Hearing the words “Obamacare” and “Affordable Care Act” strikes confusion into the minds of many Americans as the quest for the best health insurance plan continues for many.
People hear these terms and how health care and health insurance will be affected, but often times the outlook and options are misunderstood. The public wonders if health insurance will ever be perfect and what their coverage will look like in a few years.
Health insurance has become a challenging thing for many individuals and families.
As the following article wonders, are “Health insurance premiums likely to rise in 2015?”
Do we know what’s coming? What exactly is the Affordable Care Act and who is covered?
We see many news articles regarding the ACA and changes to look out for. Some of it can be quite confusing.
Affordable Care Act
Obamacare and the ACA (Affordable Care Act) are one in the same.
It is all about government laws on health care reform in an attempt to try to provide more Americans with affordable health care.
So that this plan can reach all Americans, some of the initiatives cover preventive services and immunizations at no out of pocket costs, covering dependents up to age 26 (this gives young adults more time to find jobs, get post-secondary education and their own coverage while staying under their parents’ coverage), and providing assistance to those with preexisting conditions that are having trouble finding insurers. Out of pocket expenses will have a cap on them as well.
Changes are still happening with these programs, though many of them became instilled in 2014.
For instance, in 2015, small businesses will have to provide coverage to full-time workers if they employ a certain amount.
Will Everyone Really Be Covered?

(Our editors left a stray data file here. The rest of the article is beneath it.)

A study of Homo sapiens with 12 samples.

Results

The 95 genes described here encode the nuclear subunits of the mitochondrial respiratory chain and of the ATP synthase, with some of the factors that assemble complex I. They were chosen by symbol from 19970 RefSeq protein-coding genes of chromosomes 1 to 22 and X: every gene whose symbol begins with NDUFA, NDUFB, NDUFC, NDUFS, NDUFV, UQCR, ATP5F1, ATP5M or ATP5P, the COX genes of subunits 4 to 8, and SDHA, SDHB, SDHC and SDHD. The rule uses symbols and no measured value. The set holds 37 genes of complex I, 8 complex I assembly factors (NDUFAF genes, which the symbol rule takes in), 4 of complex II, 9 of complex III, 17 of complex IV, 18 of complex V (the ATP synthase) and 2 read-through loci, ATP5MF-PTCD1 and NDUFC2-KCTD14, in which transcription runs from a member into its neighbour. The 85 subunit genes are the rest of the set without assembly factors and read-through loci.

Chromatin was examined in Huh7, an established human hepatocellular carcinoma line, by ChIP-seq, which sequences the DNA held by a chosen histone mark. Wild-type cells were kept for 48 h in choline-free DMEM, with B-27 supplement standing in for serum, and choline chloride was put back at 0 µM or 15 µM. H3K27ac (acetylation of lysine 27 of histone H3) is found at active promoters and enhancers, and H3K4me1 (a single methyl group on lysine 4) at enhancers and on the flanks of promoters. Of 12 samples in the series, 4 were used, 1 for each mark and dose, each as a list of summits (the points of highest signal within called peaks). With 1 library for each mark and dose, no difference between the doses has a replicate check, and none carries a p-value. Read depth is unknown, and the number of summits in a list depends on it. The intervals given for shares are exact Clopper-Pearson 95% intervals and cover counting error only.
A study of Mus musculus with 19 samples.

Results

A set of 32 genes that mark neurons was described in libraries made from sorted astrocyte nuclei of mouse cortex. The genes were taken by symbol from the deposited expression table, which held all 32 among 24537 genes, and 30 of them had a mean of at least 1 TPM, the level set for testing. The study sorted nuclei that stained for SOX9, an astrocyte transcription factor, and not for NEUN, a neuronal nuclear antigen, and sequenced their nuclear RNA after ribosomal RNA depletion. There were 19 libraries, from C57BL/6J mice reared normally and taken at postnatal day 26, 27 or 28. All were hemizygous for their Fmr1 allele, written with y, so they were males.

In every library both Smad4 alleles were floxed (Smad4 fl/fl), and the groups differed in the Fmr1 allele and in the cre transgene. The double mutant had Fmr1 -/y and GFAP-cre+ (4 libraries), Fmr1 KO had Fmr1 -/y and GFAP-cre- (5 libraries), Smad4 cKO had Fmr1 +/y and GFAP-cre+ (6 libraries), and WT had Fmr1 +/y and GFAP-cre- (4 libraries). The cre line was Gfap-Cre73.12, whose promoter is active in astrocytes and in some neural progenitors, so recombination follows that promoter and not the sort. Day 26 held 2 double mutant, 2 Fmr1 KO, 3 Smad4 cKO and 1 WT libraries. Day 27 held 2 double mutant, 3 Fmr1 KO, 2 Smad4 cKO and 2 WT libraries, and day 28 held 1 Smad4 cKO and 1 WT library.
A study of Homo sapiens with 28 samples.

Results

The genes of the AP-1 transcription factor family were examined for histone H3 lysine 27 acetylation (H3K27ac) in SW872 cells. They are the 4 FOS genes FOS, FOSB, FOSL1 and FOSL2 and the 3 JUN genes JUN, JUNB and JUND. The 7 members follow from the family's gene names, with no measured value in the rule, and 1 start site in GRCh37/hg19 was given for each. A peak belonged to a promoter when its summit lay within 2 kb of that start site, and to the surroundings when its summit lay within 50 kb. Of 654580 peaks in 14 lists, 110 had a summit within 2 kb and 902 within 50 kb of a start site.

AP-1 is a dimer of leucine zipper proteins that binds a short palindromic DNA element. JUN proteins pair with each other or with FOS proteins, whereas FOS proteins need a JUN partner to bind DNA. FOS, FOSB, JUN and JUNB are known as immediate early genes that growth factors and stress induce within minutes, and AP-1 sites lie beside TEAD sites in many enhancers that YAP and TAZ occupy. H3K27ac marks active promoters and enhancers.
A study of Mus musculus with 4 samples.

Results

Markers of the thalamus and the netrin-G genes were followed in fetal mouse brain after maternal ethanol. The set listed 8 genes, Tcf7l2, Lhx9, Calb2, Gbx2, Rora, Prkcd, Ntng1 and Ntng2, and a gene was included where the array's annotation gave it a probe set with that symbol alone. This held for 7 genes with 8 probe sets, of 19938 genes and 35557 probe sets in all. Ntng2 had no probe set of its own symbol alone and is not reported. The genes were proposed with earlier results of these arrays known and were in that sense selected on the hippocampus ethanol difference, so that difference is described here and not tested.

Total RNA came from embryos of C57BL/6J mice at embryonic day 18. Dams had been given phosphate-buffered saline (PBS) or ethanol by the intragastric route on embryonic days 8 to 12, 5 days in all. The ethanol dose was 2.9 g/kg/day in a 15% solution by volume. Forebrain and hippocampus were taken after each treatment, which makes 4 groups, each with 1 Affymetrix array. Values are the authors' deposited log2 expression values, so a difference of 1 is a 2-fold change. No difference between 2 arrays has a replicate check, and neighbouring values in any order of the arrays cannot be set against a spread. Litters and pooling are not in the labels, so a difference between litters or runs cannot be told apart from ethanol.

Amongst the latest news of the world, the public often hears of the high numbers of Americans still struggling with health care.
According to a report from thinkprogress.org, more than 9 million people who were previously uninsured have received coverage through Obamacare.
Unfortunately, millions of Americans are still left uncovered, including many poor blacks, low wage workers and single mothers, mostly in Southern states.
According to a New York Times piece, these people live in states “largely controlled by Republicans that have declined to participate in a vast expansion of Medicaid, the medical insurance program for the poor, they are among the eight million Americans who are impoverished, uninsured and ineligible for help.”
Because states have chosen not to expand Medicare coverage, the subsidies are not reaching the huge numbers of people with low or no incomes are being left out of the health care system and the ACA.
Unfortunately, the real issue is that many of those who need the most help are those being left out.
Statistics in the above article are showing that it’s even more than the 8 million cited, but closer to 14 million people who live in poverty and still have no health care.
About the Author: Heather Legg is an independent writer covering topics on health care, education and small businesses.